Two of New York’s grandest and most important landmark buildings - The Metropolitan Museum of Art and The New York Public Library - have now been trashed by commercial food and tchochke vendors. According to their mandate, The Landmarks Preservation Commission is charged with being “responsible for protecting New York City’s architecturally, historically and culturally significant buildings and sites by granting them landmark status, and regulating them once they’re designated.” The officers of the commission deserve impeachment for their dereliction of duty in what are undoubtedly, the two most significant examples of great civic architecture and cultural purpose in our city.
The New York Times has finally noticed what’s happened in front of the Metropolitan Museum but what they failed to report in their Nov 6th coverage of the 20 food carts that despoil the facade is that the carts remain in place long after the museum has closed and the neighborhood has reverted to being strictly residential. There are no comparable examples of multiple carts with glaring neon signs blinking in the dark along the stretch of Park Avenue, Central Park West or West End Avenue, to name just a few other great residential streets, and none in front of Gracie Mansion, residence of our mayor. In addition to adding a visual blight, the carts blare music and deposit their trash into corner sidewalk pails which are filled to overflowing and litter the street until pick-up the following day. They invite transients to come into a family neighborhood after dark when there is insufficient crowd or police presence to make that area feel safe.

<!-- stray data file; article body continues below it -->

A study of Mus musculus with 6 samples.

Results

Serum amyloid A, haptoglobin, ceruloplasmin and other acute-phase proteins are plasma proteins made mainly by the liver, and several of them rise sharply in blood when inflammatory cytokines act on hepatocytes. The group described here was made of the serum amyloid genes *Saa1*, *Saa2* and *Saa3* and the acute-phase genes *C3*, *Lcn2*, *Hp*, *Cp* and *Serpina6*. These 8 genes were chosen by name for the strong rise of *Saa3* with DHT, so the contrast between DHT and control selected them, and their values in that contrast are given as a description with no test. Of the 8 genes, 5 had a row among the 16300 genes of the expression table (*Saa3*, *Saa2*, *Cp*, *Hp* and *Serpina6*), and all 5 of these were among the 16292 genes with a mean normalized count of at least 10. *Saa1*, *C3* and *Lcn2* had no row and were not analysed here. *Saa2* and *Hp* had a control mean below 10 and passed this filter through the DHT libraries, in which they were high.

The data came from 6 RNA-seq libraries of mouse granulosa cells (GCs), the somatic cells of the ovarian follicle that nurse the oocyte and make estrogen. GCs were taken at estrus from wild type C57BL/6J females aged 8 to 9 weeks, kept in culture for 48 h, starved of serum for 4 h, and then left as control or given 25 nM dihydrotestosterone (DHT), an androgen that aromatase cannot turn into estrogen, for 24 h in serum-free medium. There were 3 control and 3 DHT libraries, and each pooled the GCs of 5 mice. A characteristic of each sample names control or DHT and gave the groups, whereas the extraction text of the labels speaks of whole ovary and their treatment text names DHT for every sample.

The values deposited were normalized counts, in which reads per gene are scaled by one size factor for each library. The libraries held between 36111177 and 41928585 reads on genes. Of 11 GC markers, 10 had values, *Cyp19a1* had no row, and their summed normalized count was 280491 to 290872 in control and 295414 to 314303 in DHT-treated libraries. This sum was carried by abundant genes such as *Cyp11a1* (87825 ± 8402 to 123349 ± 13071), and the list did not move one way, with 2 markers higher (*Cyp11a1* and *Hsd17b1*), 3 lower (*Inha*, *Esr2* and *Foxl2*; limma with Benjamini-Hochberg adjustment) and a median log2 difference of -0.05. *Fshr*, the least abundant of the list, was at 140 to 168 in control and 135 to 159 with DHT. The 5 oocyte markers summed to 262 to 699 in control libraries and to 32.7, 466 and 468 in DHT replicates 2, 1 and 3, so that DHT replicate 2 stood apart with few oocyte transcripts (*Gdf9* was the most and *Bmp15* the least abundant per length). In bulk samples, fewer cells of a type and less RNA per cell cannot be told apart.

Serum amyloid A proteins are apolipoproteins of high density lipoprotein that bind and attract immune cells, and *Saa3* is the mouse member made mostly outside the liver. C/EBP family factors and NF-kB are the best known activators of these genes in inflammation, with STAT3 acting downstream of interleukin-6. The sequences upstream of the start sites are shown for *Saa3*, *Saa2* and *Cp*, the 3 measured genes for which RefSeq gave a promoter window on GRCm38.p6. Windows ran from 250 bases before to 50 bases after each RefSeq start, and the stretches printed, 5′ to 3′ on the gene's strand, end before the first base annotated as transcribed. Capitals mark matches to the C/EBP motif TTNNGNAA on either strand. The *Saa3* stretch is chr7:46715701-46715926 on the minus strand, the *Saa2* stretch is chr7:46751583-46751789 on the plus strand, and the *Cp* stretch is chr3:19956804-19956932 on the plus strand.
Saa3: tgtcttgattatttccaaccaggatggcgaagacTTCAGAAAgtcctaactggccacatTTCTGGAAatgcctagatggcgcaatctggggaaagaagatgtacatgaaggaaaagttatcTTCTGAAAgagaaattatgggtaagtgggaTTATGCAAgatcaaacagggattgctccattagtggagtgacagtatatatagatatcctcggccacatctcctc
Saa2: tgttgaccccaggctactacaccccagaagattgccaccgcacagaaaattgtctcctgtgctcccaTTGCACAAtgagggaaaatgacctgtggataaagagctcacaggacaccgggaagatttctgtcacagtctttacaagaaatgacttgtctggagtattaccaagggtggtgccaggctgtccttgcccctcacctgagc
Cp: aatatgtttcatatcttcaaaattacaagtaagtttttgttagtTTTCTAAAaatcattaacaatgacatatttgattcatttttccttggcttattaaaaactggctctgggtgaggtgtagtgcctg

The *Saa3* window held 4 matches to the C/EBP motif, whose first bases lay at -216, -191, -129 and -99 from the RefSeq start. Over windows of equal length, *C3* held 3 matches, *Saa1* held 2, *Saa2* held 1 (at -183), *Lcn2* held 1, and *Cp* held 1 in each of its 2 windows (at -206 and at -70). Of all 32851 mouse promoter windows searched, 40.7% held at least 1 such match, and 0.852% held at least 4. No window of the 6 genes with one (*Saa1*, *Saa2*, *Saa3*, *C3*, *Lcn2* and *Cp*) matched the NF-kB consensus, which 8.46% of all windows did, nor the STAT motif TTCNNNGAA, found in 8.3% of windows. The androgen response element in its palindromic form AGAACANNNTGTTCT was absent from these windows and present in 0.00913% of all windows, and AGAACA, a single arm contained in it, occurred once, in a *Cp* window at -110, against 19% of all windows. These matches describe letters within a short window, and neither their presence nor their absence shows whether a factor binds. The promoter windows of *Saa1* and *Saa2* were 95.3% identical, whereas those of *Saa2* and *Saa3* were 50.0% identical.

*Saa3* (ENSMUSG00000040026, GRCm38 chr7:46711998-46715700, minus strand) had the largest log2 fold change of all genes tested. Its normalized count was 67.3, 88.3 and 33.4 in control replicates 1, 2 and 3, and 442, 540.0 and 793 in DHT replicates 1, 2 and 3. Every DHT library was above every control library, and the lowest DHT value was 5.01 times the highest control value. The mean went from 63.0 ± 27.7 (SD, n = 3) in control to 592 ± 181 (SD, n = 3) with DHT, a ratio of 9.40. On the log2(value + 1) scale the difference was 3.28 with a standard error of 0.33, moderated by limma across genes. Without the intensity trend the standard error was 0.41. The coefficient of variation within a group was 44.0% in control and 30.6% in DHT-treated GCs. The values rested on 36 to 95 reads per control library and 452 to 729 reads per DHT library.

If you haven’t been to Bryant Park lately, you may not be aware that it has been occupied by Bank of America’s Holiday Shops - 125 purveyors selling Christmas ornaments and other holiday gifts in what are described as “jewel box” kiosks lining the walkways and terraces of what is still called a park, though the remnants of green are hard to see through the density of these boxes. The statue of William Cullen Bryant, America’s great poet and newspaper editor, sits imposingly at the eastern terrace of the park, now looking out onto a field of shoppers and eaters instead of a beautiful swath of lawn and shrubbery. Far from being a peaceful and natural extension of the library - a place of contemplation and quiet enjoyment of the outdoors, Bryant Park has become another place for fast food and consumerism, no different than 42nd, 34th and 14th streets. Who was it who decided that what the library needed more than a park was an outdoor shopping center sponsored by a bank and some cafes shrouded in weather-proof plastic to offset the elegance of the Beaux Arts architectural gem of Carrere and Hastings? And who allowed it to happen?
If you live in a landmarked neighborhood, you need the approval of the Landmark Commission in order to change a window in your apartment, yet a park that has always been the verdant backyard of this singularly imposing library has been cheapened and converted into a honky tonk souvenir market. In a Walt Disney movie, Prudence and Patience would have sprung to life to protect their turf. The sidewalk fronting the Metropolitan Museum with its glorious new Koch Plaza has been turned into a garish and smelly strip whose only equal would be Times Square or some third world bazaar.
New Yorkers must demand answers to who authorized these changes and action to eliminate or severely modify them. The Board of the Landmark Commission that allowed them to materialize owes us an apology for their capitulation to commerce in our few remaining places of beauty - along with their resignation.